The Post-Stuff Economy: Leading Green Business Talent to Successful Careers
Greetings from the Virginia Tech Center for Leadership in Global Sustainability in Arlington, Virginia. It was here this past weekend that I met with the program’s Masters of Natural Resources graduates and discussed with them process points that they may follow to establish and build successful sustainability-focused careers.
The event was fantastic. And our thanks go out to all involved — especially Program Director Michael Mortimer and Operations Manager and alumna Jenn Truong — for creating such an amazing experience.
Here in the Ballston part of Arlington, Virginia, one is struck by how much this place has such a wonderful “sense of place.” But it has not always been that way for Ballston. During the early to mid-1980s, this Washington, D.C. suburb was, in both style and substance, unremarkable.
But to the credit of many including the elected leadership of Arlington County, Ballston got a fabulous makeover that now makes it a truly great place to live, work, and experience. And several of its buildings — including the one used by Virginia Tech — have achieved LEED Gold or Silver status.
One thing that strikes us about Ballston is the experience that it provides both Arlingtonians and visitors alike; sure, there are many fine places to shop. But there are even more places to dine al fresco, play, hang out, or enjoy nature.
In so many ways, Ballston is the epicenter of the post-stuff economy.
One of late comedian George Carlin’s most famous bits was about our obsession with our possessions. Back in the 1980s and 90s, we loved our stuff. And this bit confirmed it:
But in 2016, we don’t value stuff as we did 20 or 30 years ago. And we believe that the post-consumerism zeitgeist will empower talent that seek to begin or advance their green business careers.
Last week, the Washington Post published a story that asked: Why isn’t America shopping? It turns out, we’ve got too much stuff and too many retail outlets selling us more stuff.
There’s more to it than that: we now value our experiences more than our material goods. Our rate of savings is way up because we need to save more to spend. But we are spending more on experiences, namely, dining out and travel and leisure.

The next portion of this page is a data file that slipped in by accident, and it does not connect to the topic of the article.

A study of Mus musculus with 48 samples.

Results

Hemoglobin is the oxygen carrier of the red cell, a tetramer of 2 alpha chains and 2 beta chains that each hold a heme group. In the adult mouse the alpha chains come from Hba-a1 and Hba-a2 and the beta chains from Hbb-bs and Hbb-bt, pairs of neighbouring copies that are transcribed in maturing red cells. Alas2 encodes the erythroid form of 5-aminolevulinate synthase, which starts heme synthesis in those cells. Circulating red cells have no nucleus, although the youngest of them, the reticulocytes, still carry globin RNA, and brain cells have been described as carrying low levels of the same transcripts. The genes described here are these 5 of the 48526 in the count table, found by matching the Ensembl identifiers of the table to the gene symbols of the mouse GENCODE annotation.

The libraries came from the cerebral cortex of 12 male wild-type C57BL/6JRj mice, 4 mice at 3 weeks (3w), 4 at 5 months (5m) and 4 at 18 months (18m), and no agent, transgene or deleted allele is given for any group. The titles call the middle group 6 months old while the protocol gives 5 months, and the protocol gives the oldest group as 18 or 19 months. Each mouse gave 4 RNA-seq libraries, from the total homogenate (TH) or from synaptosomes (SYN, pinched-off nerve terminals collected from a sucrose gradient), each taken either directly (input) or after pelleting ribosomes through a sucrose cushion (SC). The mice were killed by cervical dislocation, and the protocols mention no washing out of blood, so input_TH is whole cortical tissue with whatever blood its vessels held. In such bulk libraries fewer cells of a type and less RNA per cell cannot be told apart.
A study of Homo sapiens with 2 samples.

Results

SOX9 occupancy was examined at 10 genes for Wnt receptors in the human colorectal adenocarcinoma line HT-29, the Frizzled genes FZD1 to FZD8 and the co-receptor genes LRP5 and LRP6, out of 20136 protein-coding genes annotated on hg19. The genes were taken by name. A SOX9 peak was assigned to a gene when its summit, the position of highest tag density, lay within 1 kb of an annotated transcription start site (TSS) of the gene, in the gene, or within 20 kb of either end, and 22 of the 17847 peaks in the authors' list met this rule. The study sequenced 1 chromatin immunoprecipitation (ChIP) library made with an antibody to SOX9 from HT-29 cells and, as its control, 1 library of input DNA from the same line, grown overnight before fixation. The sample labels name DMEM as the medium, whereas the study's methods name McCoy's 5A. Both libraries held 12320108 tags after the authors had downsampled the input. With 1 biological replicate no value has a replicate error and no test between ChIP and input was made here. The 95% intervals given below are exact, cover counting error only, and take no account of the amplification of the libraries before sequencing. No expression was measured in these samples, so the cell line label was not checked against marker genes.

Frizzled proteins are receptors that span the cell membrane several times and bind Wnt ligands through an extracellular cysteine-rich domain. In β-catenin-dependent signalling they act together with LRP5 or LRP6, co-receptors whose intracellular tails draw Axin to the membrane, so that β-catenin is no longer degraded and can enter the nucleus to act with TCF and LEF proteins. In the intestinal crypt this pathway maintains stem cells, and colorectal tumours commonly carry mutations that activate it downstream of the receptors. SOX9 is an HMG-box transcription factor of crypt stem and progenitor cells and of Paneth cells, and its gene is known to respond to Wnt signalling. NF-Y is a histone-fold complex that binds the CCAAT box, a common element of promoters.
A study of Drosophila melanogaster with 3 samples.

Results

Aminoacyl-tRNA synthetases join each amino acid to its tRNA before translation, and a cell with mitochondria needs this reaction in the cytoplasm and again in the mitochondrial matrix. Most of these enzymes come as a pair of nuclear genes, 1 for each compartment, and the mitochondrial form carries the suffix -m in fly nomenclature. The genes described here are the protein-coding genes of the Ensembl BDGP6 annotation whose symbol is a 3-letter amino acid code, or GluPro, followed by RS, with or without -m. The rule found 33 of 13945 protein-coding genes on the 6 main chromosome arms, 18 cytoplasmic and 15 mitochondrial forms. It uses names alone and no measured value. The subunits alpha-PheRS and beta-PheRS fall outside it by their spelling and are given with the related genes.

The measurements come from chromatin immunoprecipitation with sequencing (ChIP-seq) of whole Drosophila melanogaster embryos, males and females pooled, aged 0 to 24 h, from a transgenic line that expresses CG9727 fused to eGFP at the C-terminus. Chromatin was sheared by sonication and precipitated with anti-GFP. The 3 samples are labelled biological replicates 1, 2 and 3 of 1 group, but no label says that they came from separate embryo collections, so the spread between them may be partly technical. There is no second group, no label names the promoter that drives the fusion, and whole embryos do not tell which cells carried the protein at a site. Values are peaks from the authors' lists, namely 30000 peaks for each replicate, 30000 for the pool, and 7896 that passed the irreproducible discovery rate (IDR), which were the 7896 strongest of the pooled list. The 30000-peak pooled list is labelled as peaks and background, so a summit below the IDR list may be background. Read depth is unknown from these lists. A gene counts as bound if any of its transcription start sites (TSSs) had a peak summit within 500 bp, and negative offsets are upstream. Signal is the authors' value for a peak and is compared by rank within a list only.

While the story noted that old school department store Macy’s experienced a revenue drop-off in its most-recent quarter, experiential marketers — such as health and beauty brands Ulta and Sephora — are doing exceptionally well.
In 2016, we value the experience of buying stuff more than the stuff itself.
Our Late 20th Century economy was built on crazed consumerism. And Wall Street’s “Gordon Gecko” was the poster child for greed and wretched excess. When the U.S. stock market began to soar in the last quarter of 1982, we went on a stuff-buying binge that lasted many years.
But in 2016, our consumer behavior has changed. Our earning power has dropped and we are more thoughtful about our purchases. And Millennials, now comprising the biggest part of our workforce, save more but also value great experience more than they do acquiring more stuff.
So how does this inform careers in sustainability? It turns out, considerably.
If the careers of the New Green Economy have a linchpin, it is that our talent serve to do less bad and strive to do more good than their counterparts in other non-green tracks. Our career opportunities are in the sectors that are poised to grow more than most others: clean energy, cleantech, resource and corporate sustainability, and corporate social responsibility. Further:
- Many Fortune 1000 companies have enmeshed sustainability into their best practices. In doing so, they have returned billions of dollars to the financial bottom line;
- Clean energy is now cost-competitive and solar, in particular, is booming;
- According to E2, more talent now hold clean energy jobs — 2.5 million and counting — than work in real estate, agribusiness, or traditional energy, and;
- Millennials are motivated most by purposeful work that helps the planet and people.
Our pivot from steroidal consumerism to conservation and experience will encourage more of us to live in work in places like Ballston that have such a profound sense of place — and — to build there and in places like it a purpose-driven workforce that helps scale our economy for the next 40 to 50 years.
Indeed, our best days lie ahead.
Update (May 23, 2016): Groupon channels the experience-over-more-stuff zeitgeist in its new commercial.
DAN SMOLEN is author of Tailoring the Green Suit: Empowering Yourself for an Executive Career in the New Green Economy and member of Environmental Entrepreneurs (E2). He is also Founder and Managing Director of The Green Suits, LLC, which provides talent recruitment, workforce planning, and success management to green business and social good enterprises.
Photo credits: RV towing helicopter, bobbispad.blogspot.com; “Stuff,” 1986, George Carlin, Home Box Office, Inc.; Macy’s, 2016, BusinessInsider.com; “Gordon Gecko on Brick Phone” from “Wall Street,” 1987, 20th Century Fox.